What I’ve been reading

Consumer.ology
I enjoyed the first part of the book, which explores the fallacy of market research and the complex reality about consumers and the psychology of shopping. A summary paragraph:

“The unconscious mind is the real driver of consumer behavior. Understanding consumers is largely a matter of understanding how the unconscious mind operates; the first obstacle to this is recognizing how we frequently react without conscious awareness. As long as we protect the illusion that we ourselves are primarily conscious agents, we pander to the belief that we can ask people what they think and trust what we hear in response. After all, we like to tell ourselves we know why we do what we do, so everyone else must be capable of doing the same, mustn’t they?”

Our sacrifices and fears stem from deep misconceptions about nature and nurture. According to economist Bryan Caplan, research shows that the long-run effect of parenting is surprisingly small. If you want to rationalize having kids or are interested in becoming a “free range parent” you might find this book interesting.

As you might expect from an economist, the book deals with a lot of research. An interesting example of this revolved around parenthood and age: parents under 30 are less happy than their child-free peers. However, once parents hit 40, the relationship reverses. More kids means happier parents too — that is, once you hit 40.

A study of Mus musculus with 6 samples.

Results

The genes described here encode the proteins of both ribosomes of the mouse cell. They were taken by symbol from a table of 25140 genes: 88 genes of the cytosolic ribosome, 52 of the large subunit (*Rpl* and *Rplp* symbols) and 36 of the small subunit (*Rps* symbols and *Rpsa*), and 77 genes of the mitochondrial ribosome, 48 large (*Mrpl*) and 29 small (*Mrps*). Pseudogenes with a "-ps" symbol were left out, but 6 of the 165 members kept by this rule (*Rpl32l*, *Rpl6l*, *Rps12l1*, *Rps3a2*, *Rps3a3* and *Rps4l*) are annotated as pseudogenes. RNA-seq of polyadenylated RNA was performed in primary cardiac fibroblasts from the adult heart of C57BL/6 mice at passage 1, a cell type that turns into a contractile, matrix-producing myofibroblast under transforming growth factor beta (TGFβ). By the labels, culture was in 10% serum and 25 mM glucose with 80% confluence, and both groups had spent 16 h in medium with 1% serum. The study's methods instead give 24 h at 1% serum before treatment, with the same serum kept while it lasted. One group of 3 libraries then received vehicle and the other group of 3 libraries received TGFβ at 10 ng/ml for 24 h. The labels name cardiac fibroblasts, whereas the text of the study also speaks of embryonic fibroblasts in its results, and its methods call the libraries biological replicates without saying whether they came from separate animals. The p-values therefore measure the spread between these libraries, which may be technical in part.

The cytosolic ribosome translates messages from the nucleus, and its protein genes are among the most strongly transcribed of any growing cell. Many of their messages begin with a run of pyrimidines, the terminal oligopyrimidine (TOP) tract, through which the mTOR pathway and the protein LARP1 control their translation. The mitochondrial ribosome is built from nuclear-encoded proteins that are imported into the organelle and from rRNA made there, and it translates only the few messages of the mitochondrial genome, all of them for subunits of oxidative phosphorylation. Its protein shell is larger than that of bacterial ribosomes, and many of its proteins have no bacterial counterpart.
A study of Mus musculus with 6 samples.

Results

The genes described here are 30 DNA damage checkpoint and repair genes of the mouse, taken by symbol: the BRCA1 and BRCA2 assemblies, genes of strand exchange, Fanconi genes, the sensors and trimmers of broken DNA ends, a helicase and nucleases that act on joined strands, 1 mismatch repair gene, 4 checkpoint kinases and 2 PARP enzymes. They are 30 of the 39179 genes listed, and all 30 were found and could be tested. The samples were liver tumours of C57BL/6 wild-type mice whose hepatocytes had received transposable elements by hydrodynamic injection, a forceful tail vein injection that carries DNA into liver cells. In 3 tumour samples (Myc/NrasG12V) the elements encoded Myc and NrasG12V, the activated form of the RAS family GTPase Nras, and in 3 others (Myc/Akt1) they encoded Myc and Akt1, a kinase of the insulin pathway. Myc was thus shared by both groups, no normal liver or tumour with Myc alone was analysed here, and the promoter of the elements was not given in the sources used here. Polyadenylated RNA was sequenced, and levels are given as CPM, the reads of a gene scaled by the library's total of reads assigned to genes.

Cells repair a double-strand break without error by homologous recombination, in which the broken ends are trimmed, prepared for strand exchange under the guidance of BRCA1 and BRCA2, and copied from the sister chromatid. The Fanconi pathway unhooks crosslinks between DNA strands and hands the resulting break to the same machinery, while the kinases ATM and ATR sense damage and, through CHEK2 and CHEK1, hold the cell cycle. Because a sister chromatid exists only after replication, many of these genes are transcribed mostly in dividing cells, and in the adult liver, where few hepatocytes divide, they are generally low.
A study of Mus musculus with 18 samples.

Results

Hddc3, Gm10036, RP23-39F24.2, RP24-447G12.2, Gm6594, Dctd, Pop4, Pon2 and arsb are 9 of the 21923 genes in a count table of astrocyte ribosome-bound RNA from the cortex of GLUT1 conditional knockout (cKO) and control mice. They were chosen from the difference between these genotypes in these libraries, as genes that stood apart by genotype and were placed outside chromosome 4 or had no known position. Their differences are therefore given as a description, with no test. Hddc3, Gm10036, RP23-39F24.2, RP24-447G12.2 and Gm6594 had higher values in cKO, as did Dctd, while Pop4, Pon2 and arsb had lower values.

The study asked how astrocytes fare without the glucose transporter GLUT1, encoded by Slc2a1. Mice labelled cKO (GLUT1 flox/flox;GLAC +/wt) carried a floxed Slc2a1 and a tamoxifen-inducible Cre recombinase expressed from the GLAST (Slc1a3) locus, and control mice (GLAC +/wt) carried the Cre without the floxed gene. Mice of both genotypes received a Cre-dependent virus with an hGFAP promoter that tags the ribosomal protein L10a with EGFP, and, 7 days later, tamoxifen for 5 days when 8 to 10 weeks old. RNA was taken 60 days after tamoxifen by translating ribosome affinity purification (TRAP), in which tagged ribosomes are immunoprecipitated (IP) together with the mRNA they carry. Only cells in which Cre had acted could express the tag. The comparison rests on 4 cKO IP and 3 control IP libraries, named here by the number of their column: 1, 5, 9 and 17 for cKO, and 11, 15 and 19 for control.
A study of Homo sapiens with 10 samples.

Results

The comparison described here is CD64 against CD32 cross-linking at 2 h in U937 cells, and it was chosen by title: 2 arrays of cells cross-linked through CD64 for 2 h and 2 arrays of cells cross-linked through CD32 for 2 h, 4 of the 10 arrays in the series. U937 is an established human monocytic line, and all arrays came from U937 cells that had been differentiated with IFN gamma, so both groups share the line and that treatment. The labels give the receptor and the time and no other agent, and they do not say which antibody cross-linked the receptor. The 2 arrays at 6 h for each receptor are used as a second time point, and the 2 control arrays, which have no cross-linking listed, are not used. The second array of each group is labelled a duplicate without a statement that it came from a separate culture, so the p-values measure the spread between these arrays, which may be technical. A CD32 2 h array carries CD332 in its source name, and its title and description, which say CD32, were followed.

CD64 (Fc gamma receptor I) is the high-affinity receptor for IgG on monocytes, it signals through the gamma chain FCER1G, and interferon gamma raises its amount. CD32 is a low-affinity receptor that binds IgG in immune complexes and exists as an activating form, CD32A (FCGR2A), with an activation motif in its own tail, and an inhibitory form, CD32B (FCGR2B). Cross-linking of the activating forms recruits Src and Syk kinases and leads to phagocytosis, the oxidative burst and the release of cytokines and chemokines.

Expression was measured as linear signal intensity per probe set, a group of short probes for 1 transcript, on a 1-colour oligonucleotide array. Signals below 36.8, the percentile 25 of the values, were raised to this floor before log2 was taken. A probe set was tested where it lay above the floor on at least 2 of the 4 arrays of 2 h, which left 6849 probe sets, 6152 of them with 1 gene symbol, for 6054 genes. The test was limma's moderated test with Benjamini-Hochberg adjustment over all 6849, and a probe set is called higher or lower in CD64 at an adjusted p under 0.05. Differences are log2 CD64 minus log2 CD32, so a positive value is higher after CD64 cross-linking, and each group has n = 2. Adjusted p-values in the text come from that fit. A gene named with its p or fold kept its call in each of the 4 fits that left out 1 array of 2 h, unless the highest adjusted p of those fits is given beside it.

My favorite book in this category remains the Tiger Mom Book.

The tale of Josef K., a responsible bank officer who is suddenly and inexplicably arrested and must defend himself against a charge about which he can get no information. To me this was a chilling tale on the excesses of bureaucracy. This book will resonate with anyone who deals with a large bureaucracy. (If you work in a large bureaucracy, in addition to this, you might also enjoy The Pale King.)

A great primer for anyone wishing to understand mass movements, be they religious movements, social revolutions or nationalist movements. A sample:

Discontent by itself does not invariably create a desire for change. Other factors have to be present before discontent turns into disaffection. One of these is a sense of power.

Those who are awed by their surroundings do not think of change, no matter how miserable their condition. When our mode of life is so precarious as to make it patent that we cannot control the circumstance of our existence, we tend to stick to the proven and the familiar. We counteract a deep feeling of insecurity by making of our existence a fixed routine.

and this telling passage:

For men to plunge headlong into an undertaking of vast change, they must be intensely discontented yet not destitute, and they must have the feeling that by the possession of some potent doctrine, infallible leader or some new technique they have access to a source of irresistible power. They must also have an extravagant conception of the prospects and potentialities of the future. Finally, they must be wholly ignorant of the difficulties involved in their vast undertaking. Experience is a handicap. The men who started the French Revolution were wholly without political experience. The same is true of the Bolsheviks, Nazis, and the revolutionaries in Asia.